The Environment

The central concept for Jews in relation to the world is Tikkun Olam – care for the world and the environment.

At the New Year festival of Rosh Hashanah, Jews thank G-d for the creation of the world because it is G-d’s possession:

The earth is the Lord’s and all that it holds,

the world and its inhabitants (Psalm 24:1).

The scriptures say how the earth is to be treated:

When in your war against a city you have to besiege it a long time in order to capture it, you must not destroy its trees, wielding the axe against them (Deuteronomy 20:19a).

Respect for trees is shown in the annual festival of Tu B’Shevat – New Year for Trees on the 15th of Shevat:

Agricultural land must be rested once every 50 years if it is to produce good crops. This is a Year of Jubilee (Leviticus 25:8-11).

The Jewish scriptures say little about animal rights. However, animals were seen as very valuable and were offered as sacrifices to G-d in the Temple in Jerusalem.

It is clear that the Judaism has always been concerned about animals. G-d gave Adam control over all the animals:

And G-d said, “Let us make man in our image, after our likeness. They shall rule the fish of the sea, the birds of the sky, the cattle, the whole earth, and all the creeping things that creep on earth.” And G-d created man in His image, in the image of G-d He created him; male and female He created them. G-d blessed them and G-d said to them, “Be fertile and increase, fill the earth and master it; and rule the fish of the sea, the birds of the sky, and all the living things that creep on earth” (Genesis 1:26-28).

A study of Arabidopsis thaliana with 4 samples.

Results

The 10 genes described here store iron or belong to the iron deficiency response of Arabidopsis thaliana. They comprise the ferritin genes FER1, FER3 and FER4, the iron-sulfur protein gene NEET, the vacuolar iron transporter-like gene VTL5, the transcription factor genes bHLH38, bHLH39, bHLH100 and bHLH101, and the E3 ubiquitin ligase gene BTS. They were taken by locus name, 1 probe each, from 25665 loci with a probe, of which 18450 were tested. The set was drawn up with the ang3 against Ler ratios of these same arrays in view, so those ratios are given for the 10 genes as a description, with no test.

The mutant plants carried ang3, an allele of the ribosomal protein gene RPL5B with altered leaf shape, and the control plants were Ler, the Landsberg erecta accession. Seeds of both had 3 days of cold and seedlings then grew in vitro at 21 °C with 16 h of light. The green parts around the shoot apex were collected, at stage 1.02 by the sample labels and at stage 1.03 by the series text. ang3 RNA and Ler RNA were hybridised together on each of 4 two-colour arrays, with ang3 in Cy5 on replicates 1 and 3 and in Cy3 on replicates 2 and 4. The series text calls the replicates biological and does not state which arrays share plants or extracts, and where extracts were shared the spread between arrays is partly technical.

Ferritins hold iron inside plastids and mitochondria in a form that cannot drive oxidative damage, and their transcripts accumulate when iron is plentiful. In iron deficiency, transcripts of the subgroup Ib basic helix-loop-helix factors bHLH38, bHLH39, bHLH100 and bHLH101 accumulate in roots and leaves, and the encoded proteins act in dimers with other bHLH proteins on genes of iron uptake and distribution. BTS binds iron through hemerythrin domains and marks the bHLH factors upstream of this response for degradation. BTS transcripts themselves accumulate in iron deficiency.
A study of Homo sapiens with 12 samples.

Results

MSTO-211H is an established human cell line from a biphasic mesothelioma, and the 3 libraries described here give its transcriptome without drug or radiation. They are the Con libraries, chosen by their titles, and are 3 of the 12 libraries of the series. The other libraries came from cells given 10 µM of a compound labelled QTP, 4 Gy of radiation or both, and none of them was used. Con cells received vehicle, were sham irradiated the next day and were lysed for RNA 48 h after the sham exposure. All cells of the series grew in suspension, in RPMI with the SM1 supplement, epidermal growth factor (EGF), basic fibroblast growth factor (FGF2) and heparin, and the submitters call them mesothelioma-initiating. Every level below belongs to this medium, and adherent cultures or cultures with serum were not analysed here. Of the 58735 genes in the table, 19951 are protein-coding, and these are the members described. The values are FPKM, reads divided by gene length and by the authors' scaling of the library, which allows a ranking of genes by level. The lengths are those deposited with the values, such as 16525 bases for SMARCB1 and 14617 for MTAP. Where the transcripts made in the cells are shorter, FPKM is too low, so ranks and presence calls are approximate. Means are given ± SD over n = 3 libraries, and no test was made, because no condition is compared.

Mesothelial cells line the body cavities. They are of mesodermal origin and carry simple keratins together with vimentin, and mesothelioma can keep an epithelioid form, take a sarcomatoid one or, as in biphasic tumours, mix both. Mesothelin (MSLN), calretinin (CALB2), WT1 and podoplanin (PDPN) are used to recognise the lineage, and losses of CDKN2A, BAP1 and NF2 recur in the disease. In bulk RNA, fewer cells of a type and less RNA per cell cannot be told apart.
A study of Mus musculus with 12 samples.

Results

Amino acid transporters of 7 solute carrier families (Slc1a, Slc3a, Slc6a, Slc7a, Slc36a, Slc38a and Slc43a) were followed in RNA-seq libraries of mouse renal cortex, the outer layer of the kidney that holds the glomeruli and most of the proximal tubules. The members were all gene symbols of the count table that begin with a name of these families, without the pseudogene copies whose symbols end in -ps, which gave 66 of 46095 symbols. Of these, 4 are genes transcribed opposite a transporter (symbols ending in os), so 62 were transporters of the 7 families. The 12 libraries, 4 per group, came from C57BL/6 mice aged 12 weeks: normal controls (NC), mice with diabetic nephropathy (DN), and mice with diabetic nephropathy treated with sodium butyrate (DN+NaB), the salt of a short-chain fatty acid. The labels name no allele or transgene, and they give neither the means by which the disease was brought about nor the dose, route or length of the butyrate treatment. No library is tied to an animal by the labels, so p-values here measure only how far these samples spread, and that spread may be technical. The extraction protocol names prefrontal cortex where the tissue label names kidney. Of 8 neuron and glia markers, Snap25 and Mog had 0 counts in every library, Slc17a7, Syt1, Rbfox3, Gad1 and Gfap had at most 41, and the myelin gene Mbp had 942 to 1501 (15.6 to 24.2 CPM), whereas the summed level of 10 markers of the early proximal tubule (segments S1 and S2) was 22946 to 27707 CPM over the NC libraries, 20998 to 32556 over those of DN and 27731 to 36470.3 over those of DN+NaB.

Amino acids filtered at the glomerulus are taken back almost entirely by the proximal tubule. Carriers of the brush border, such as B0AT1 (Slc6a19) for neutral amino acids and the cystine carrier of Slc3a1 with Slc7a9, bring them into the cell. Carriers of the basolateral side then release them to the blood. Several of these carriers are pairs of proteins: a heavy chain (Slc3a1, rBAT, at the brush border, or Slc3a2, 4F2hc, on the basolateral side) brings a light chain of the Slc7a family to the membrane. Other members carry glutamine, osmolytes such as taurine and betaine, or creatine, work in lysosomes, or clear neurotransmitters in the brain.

And the LORD God formed out of the earth all the wild beasts and all the birds of the sky, and brought them to the man to see what he would call them; and whatever the man called each living creature, that would be its name. And the man gave names to all the cattle and to the birds of the sky and to all the wild beasts (Genesis 2:19-20a).

Humanity’s stewardship of the world is a gift and an obligation.

That animals are to be shown respect is shown in several passages:

You shall not muzzle an ox while it is threshing (Deuteronomy 25:4).

A righteous man knows the needs of his beast (Proverbs 12:10).

Animals are mentioned in the Ten Commandments:

Observe the sabbath day and keep it holy, as the Lord your God has commanded you. Six days you shall labour and do all your work, but the seventh day is a sabbath of the Lord your G-d; you shall not do any work-you, your son or your daughter, your male or female slave, your ox or your ass, or any of your cattle, or the stranger in your settlements, so that your male and female slave may rest as you do (Deuteronomy 5:12-14).

Animals were to be shown concern as are humans and given a day’s rest.

On the use of animals for scientific experiments Judaism says that these experiments must be necessary and, as far as possible, suffering should be avoided.